Open 10:30 – 17:00

Make a stitched and stuffed garden bird from fabric in this hands-on workshop

Join us on Sunday 26th November to make a realistic stitched and stuffed cloth bird to put under a glass dome, adorn your Christmas tree or perch on a winter windowsill.  Debby, textiles teacher and maker at Morley College, will guide you through the process from beginning to end using hand stitching and some machine sewing.

Choose from a range of birds, including seasonal robin, and be guided through painting colours and markings onto cloth. You will then be taught how to cut, seam, stuff and insert wire legs and eyes to create your bird.

All materials will be provided and refreshments will be available during the day.


10.30am – Welcome and introduction.  Debby will show you three characteristic bird body shapes and leg positions.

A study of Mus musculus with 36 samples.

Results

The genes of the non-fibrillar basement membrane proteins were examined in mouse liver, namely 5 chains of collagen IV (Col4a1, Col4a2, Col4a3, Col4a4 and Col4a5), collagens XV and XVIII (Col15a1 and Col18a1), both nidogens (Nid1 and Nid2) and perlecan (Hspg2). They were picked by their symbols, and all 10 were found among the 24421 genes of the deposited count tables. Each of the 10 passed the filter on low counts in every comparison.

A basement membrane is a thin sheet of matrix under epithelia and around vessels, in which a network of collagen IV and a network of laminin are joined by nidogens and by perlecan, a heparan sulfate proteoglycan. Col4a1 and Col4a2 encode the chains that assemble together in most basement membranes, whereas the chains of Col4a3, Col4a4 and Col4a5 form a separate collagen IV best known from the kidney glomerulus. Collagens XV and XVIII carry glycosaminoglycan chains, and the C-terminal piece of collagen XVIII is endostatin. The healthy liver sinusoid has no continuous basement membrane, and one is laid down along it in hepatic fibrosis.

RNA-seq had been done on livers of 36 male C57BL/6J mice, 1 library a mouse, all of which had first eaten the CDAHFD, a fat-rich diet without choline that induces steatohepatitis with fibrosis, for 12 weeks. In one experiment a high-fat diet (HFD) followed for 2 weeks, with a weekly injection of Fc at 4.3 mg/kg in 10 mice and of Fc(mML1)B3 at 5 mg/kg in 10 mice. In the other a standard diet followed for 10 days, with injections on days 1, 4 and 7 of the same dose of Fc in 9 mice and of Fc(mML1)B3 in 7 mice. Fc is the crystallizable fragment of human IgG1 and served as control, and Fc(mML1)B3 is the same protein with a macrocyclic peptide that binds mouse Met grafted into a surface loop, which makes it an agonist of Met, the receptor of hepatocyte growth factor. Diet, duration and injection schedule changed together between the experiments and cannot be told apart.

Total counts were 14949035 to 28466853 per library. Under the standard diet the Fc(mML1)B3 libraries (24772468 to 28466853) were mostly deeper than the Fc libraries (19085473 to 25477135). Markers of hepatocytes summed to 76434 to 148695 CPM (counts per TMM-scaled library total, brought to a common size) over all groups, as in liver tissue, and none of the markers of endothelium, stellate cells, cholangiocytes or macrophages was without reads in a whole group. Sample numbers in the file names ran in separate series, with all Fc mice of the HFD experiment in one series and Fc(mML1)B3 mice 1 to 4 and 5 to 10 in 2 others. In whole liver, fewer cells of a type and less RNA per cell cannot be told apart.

11.00am – Break

11.30am – Choose your bird and trace body, gusset, wings and tail onto calico using templates.

1pm–2pm – Lunch, you are welcome to bring your own, or alternatively, the Garden Cafe will be open, serving delicious hot food and snacks.

2pm – Cut out and stitch body seams.  Stuff and shape, insert and secure your bird’s wire legs.  Close remaining seams and stitch wings and tail into position. Insert eyes and apply finishing touches with additional paint or embroidery stitches.

4.40pm – Admire your bird; take photos, either in the hand, or in a Garden Museum bush

Course Leader

  • Debby Brown

    Debby Brown

    Debby is a maker and teacher of mixed media constructed textiles, currently teaching Foundation Textiles and other courses at Morley College. She trained as a textile designer at Camberwell School of Art. Although she uses a lot of fabric, yarns and stitch, she also likes working with wire, paper and found materials in different combinations. She has been teaching for over 30 years in schools, colleges, museums and interest groups. Debby particularly enjoys working with themes and collections, and was formerly curator of Pollocks Museum, where handling and understanding objects sparked her interest in how three dimensional things are made and put together.